March 8-14 was National Groundwater Awareness Week and Macon County Public Health joins the National Ground Water Association (NGWA) in bringing attention to the importance of clean groundwater and what steps people can take to protect the quality of their groundwater.

Just as you check your furnace or smoke detector batteries seasonally, spring is a good season to have an annual water well checkup before the peak water use season begins, according to the National Ground Water Association (NGWA).

An annual checkup by a qualified water well contractor is the best way to ensure problem-free service and quality water, says Barry Patterson, Macon County Public Health Environmental Health Supervisor.


Macon County Public Health would like to remind citizens that March is Colorectal Cancer Awareness Month and to encourage talking to your doctor about getting a colonoscopy.

According to the National Cancer Institute, more than 96,000 new cases of colon cancer were diagnosed in 2014 and more than 40,000 new cases of rectal cancer. Fortunately, colorectal cancer is the one cancer that can actually be prevented. Getting the proper screening done at the right times of your life can save your life. When caught early in the disease process, colorectal cancer has a 90 percent survival rate.


Macon County Public Health will celebrate Public Health Month by sponsoring a free Healthy Aging educational series during the month of April. “Just for the Health of It” will provide a free opportunity for individuals approaching middle age or beyond to learn more about ways to expand their years of healthy life and enjoy the benefits of developing healthier habits.

The first series of programs will be held on Thursday, April 2nd. Beginning at 4 p.m., Registered Dietitian Jessi Bassett, RD, LDN will present a program on the optimal use of vitamins and supplements. At 5 p.m. local chef Jerri Fifer will provide samples of “power foods” to incorporate into your diet. She’ll also provide recipes and demonstrations about healthy preparations. From 6 to 7 p.m., local OB-GYN, Dr. Carole Peterson will provide information about menopause, hormone replacement therapy, and thyroid health.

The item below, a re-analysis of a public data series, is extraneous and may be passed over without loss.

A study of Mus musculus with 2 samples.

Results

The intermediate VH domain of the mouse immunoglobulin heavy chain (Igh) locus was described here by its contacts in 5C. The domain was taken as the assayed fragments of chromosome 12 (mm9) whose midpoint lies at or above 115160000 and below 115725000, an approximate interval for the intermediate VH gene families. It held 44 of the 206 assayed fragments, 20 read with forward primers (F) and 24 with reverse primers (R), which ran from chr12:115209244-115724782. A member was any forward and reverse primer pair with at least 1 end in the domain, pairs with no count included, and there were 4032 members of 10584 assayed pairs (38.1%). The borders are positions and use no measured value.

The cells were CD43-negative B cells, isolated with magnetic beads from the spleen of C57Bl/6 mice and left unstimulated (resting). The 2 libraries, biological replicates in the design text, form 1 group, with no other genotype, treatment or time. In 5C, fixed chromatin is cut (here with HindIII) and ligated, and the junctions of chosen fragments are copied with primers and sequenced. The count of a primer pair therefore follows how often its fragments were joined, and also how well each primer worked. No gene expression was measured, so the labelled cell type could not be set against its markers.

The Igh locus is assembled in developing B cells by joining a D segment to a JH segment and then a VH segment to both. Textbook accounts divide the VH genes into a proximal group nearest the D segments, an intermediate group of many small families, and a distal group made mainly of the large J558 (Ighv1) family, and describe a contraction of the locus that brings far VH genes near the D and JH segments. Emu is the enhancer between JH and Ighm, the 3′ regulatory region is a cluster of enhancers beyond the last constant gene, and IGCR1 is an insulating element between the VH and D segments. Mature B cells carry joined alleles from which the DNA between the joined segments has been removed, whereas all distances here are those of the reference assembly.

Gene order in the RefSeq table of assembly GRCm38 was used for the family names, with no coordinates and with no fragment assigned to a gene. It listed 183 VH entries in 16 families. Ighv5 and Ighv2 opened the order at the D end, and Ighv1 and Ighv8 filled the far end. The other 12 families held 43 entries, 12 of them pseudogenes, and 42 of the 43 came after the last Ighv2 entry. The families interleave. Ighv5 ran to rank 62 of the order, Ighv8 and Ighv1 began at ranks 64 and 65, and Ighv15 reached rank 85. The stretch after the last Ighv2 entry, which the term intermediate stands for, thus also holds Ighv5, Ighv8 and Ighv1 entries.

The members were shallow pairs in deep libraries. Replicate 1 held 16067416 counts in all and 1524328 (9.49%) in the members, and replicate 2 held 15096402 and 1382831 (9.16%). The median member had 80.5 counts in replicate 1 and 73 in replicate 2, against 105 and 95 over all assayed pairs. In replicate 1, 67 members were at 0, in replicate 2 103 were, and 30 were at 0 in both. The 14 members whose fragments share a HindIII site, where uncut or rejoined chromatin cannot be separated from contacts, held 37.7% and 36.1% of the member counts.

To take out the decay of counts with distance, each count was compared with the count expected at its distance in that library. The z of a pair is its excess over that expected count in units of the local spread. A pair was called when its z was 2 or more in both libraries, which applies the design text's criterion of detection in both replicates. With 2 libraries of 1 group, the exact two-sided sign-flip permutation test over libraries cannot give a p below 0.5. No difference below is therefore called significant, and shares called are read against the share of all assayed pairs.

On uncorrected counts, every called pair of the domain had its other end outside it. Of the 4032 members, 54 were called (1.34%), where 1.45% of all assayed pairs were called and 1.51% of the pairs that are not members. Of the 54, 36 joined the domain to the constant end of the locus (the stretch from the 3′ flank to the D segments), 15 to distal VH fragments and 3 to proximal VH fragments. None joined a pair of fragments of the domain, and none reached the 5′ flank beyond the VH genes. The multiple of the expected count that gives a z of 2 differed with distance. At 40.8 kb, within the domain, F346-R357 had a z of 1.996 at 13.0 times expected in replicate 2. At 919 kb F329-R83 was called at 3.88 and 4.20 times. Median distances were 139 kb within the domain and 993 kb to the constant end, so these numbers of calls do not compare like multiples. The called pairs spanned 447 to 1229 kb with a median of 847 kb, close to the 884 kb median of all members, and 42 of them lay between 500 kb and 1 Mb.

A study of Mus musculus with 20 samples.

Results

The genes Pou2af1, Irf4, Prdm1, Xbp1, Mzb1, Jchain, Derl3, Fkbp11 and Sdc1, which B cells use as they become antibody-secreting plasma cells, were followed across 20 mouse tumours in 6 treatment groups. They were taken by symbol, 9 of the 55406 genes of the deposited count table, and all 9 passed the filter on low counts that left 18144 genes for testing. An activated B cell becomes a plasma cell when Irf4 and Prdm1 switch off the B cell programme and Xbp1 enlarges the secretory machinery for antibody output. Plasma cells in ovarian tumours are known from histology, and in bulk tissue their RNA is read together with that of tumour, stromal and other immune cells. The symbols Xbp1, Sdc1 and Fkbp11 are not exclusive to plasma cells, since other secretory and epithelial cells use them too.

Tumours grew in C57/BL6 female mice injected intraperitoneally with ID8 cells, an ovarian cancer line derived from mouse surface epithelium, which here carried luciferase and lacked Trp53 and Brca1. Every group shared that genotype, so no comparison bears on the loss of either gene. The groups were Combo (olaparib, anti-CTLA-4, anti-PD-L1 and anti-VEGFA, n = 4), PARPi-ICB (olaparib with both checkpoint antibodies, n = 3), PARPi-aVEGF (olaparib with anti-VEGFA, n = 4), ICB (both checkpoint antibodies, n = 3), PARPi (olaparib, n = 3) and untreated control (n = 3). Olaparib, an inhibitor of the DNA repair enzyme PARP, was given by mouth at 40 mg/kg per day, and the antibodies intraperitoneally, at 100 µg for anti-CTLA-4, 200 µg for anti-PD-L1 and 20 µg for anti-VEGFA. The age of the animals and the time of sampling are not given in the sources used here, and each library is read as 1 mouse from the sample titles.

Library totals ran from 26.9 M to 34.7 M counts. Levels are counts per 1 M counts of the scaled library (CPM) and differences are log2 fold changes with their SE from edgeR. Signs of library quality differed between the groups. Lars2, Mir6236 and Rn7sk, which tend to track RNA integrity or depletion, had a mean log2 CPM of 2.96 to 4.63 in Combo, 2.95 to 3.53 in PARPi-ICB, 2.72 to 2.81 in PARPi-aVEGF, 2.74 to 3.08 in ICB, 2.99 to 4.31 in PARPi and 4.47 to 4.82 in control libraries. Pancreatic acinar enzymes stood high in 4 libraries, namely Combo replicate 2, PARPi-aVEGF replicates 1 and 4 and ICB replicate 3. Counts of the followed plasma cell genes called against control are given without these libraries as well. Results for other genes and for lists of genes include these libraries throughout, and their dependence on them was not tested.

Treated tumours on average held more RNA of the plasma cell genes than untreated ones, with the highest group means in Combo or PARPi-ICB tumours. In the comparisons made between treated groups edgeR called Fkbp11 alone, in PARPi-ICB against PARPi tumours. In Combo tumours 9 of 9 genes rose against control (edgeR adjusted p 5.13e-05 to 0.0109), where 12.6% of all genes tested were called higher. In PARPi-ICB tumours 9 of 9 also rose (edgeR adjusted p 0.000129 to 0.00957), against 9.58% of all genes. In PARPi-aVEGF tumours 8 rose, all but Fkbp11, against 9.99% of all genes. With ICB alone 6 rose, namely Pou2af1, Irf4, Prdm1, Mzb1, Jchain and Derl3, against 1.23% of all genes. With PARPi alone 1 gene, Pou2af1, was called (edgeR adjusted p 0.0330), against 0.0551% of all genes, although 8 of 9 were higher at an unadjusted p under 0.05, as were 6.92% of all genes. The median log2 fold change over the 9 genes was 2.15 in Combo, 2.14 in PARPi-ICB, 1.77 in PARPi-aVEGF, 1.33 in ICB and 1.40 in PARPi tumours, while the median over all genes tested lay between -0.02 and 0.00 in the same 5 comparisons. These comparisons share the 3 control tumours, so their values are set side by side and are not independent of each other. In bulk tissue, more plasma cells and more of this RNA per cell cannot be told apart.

Western Carolina University’s School of Nursing will host its first annual Rural Health Symposium in Asheville on Friday, March 27, to shed light on factors that impact the health of the citizens of rural Western North Carolina.

Regional topics to be addressed include community health needs, health care priorities, effective strategies to meet health care needs, the current state of literacy, health care needs seen by free clinics, and factors contributing to the occurrence of stroke in the region. Community assessments and action plans to address needs also will be discussed.

Nationally recognized rural healthcare expert Lisa M. Harmon will facilitate the symposium. The event will be held at the Holiday Inn Asheville-Biltmore West from 8 a.m. to 4:30 p.m. Check-in will begin at 7:30 a.m. Cost is $30 for adults and WCU faculty, and $10 for students. Lunch will be provided.

For more information or to register, visit or call WCU’s Office of Continuing and Professional Education at (828)227-7397.